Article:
Adafruit Soundboard Library

Supported version of CircuitPython: 2.0 Documentation Status Release Version CI Build Status License: MIT

The Adafruit Soundboards are an easy way to add sound to your maker project, but the library provided by Adafruit only supports Arduino.

If you’ve wanted to use one of these boards with a MicroPython or CircuitPython microcontroller (MCU), this is the library you’ve been looking for. Please note, though, if you’re planning to use MicroPython, you should refer to the separate repository ( and documentation (coming soon), as their implementations differ.

Take a look at the latest documentation on Read the Docs and the latest code on GitHub.


This driver depends on either MicroPython or CircuitPython and is intended for use to control one of the Adafruit Audio FX boards via UART.

Make sure to get the latest version of the code from GitHub.

CircuitPython Instructions

First, you’ll need to get Adafruit CircuitPython and install it on your board. Then, please ensure all dependencies are available on the CircuitPython filesystem. This is easily achieved by downloading the Adafruit library and driver bundle.

Next, you need to know what version of CircuitPython you installed on your MCU. The next steps you take depend on if your version of CircuitPython matches what is listed in the “CircuitPython Version” badge above.

Matching Version

If the version matches the “CircuitPython Version” badge above, simply download the latest version of the adafruit_soundboard.mpy script from the releases page and copy it to the MCU.

Non-Matching Version

If you are using a version of CircuitPython that’s different from what’s listed in the “CircuitPython Version” badge above, do the following:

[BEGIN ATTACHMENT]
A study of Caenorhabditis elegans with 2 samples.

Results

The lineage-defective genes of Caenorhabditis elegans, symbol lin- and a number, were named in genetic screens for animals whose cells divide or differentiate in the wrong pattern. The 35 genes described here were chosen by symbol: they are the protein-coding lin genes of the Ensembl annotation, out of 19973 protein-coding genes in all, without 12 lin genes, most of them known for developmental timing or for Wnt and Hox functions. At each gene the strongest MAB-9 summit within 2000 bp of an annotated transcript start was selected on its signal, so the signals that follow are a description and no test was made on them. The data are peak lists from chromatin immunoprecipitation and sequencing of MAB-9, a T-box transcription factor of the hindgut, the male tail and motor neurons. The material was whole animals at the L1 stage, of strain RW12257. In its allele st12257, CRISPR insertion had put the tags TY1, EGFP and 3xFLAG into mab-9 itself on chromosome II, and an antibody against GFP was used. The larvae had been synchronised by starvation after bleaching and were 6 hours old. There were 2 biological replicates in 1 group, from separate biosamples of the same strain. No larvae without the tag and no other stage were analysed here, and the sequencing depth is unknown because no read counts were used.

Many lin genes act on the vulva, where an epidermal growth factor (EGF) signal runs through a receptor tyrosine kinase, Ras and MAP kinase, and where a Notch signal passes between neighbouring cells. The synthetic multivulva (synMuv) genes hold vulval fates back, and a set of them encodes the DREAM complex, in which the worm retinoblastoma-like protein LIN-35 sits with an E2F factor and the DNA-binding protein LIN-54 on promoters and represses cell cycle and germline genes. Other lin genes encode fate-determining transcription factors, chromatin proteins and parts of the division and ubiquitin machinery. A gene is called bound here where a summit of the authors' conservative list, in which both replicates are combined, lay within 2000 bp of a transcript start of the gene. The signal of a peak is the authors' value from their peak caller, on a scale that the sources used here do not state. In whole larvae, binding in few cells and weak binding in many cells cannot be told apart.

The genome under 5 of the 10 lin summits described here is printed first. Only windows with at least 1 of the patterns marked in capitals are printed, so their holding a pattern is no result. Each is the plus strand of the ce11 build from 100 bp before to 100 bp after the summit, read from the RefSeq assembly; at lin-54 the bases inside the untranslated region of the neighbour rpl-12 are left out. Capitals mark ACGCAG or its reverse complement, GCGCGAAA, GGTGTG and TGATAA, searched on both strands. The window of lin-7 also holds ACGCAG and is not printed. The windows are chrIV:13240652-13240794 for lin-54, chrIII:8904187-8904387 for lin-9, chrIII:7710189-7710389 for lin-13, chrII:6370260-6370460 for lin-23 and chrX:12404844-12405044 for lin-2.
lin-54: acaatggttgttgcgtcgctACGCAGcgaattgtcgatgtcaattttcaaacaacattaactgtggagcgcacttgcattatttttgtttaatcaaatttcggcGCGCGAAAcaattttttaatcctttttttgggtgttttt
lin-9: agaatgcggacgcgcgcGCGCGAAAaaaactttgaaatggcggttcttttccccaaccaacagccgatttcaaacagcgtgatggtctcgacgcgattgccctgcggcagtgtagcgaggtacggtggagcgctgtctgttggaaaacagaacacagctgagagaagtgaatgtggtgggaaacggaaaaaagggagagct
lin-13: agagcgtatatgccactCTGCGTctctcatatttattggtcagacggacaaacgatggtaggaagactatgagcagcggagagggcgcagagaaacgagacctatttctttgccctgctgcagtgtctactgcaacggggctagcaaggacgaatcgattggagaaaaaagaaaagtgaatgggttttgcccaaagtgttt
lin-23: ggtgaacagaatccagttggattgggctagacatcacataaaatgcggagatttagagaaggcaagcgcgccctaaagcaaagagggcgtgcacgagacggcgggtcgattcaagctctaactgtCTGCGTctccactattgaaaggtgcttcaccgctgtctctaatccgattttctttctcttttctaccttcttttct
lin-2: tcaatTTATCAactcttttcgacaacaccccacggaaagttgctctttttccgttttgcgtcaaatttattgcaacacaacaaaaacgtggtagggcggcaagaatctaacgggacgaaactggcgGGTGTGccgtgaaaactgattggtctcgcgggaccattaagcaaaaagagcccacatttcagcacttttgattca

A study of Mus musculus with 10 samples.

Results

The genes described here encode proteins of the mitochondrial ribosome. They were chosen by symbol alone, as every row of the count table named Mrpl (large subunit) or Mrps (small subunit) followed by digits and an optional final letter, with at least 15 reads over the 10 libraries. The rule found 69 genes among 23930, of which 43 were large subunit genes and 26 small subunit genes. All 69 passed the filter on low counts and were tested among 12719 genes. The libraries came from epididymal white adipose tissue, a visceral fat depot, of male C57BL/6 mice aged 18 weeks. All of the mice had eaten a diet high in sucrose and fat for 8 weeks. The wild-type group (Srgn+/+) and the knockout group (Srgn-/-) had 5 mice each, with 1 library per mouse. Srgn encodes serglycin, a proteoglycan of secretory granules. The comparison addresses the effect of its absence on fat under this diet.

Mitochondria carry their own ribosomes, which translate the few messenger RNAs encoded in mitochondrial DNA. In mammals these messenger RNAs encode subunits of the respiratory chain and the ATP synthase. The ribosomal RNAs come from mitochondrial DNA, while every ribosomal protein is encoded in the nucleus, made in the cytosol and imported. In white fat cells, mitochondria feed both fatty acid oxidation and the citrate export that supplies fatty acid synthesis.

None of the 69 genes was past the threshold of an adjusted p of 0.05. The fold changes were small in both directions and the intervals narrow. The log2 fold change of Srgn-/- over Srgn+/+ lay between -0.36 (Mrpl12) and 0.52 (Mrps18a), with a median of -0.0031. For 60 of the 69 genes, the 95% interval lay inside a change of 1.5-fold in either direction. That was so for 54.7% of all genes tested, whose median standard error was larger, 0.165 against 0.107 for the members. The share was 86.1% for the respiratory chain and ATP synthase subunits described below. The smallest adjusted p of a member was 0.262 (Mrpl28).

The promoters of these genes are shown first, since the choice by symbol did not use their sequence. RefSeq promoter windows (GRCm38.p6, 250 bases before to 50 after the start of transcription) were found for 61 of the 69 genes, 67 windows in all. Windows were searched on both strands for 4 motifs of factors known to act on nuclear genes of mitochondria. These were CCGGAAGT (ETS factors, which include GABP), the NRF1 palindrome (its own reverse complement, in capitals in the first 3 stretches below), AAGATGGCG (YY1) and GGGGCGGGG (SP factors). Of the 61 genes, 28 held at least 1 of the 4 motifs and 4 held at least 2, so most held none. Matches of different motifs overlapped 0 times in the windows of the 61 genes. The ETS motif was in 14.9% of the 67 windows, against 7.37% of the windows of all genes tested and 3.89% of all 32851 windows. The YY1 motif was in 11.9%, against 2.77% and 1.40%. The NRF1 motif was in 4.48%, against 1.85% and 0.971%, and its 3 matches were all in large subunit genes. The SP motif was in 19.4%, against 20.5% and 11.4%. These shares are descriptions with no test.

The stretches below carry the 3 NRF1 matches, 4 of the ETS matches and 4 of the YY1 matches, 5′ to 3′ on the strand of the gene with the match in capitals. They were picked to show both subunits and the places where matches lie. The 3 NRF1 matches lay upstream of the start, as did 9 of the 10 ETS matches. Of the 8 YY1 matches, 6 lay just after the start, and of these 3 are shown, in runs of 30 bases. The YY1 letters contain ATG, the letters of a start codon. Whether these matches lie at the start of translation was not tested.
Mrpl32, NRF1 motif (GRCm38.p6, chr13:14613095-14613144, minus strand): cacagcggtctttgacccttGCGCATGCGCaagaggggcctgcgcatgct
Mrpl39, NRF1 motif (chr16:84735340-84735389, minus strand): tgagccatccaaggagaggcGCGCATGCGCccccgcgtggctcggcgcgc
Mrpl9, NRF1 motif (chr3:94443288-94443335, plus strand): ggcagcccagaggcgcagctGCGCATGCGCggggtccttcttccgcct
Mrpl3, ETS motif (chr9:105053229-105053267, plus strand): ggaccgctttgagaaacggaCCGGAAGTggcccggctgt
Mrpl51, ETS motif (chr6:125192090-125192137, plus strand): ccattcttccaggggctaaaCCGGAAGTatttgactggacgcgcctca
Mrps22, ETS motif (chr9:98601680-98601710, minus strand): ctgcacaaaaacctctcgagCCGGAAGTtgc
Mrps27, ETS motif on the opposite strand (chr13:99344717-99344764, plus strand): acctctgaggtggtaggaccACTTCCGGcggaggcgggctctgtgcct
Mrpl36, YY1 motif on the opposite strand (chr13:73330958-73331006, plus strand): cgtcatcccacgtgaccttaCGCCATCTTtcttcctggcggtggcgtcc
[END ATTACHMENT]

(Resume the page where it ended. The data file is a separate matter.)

1. Clone the CircuitPython repository at the version tag you’re using (requires the installation of git):

    git clone -b <VERSION HERE>
  2. Build the mpy-cross cross-compiler (requires the *nix program make):

    which make  # If this command gives no output, you don't have make installed
    cd circuitpython/mpy-cross && make
  3. Clone the sound board library:

    git clone soundboard
  4. Cross-compile the library, which will create a file named adafruit_soundboard.mpy:

    cd soundboard && mpy-cross
  5. Copy the adafruit_soundboard.mpy file to your MCU.

MicroPython Instructions

Please refer to the separate repository ( and documentation (coming soon), for using this library with MicroPython.

Quick Start

First, you’ll need to decide which pins you want to use for the UART bus. To do this, you’ll need to consult the documentation for your particular MCU. In these examples, I’m using the Adafruit Metro M0 Express and I’m using pin D0 for the UART RX (receiving) and D1 for TX (transmitting). See the pinout guide for information on other supported pins for RX and TX.

Next, you have to connect the UG pin on the sound board to GND somehow. This is what tells the sound board to function in UART mode. For more info, please refer to Adafruit’s guide for the sound boards:

Then, create an instance of the Soundboard class, like this:

from adafruit_soundboard import Soundboard
sound = Soundboard('D1', 'D0')

I highly recommend you also attach the RST pin on the sound board to one of the other GPIO pins on the MCU (pin D3 in the example). Also, I like getting the debug output and I turn the volume down to 50% while I’m coding. Doing all this looks like the following:

sound = Soundboard('D1', 'D0', 'D3', vol=0.5, debug=True)

Once you’ve set up all of this, you’re ready to play some tracks:

# Play track 0

# Stop playback

# Play the test file that comes with the sound board'T00     OGG')

# Play track 1 immediately, stopping any currently playing tracks

# Pause and resume

You can also control the volume in several different ways:

# Raise volume by 2 points (0 min volume, 204 max volume)

# Turn down volume until lower than 125

# Get the current volume

# Set volume to 56 (out of 204 maximum)
sound.vol = 56

# Set volume to 75% of maximum volume
sound.vol = 0.75

API Reference

Please read the adafruit_soundboard API reference for additional details on how to use the library.


Contributions are welcome! Please read the Code of Conduct before contributing to help this project stay welcoming.


This project is licensed under the MIT License.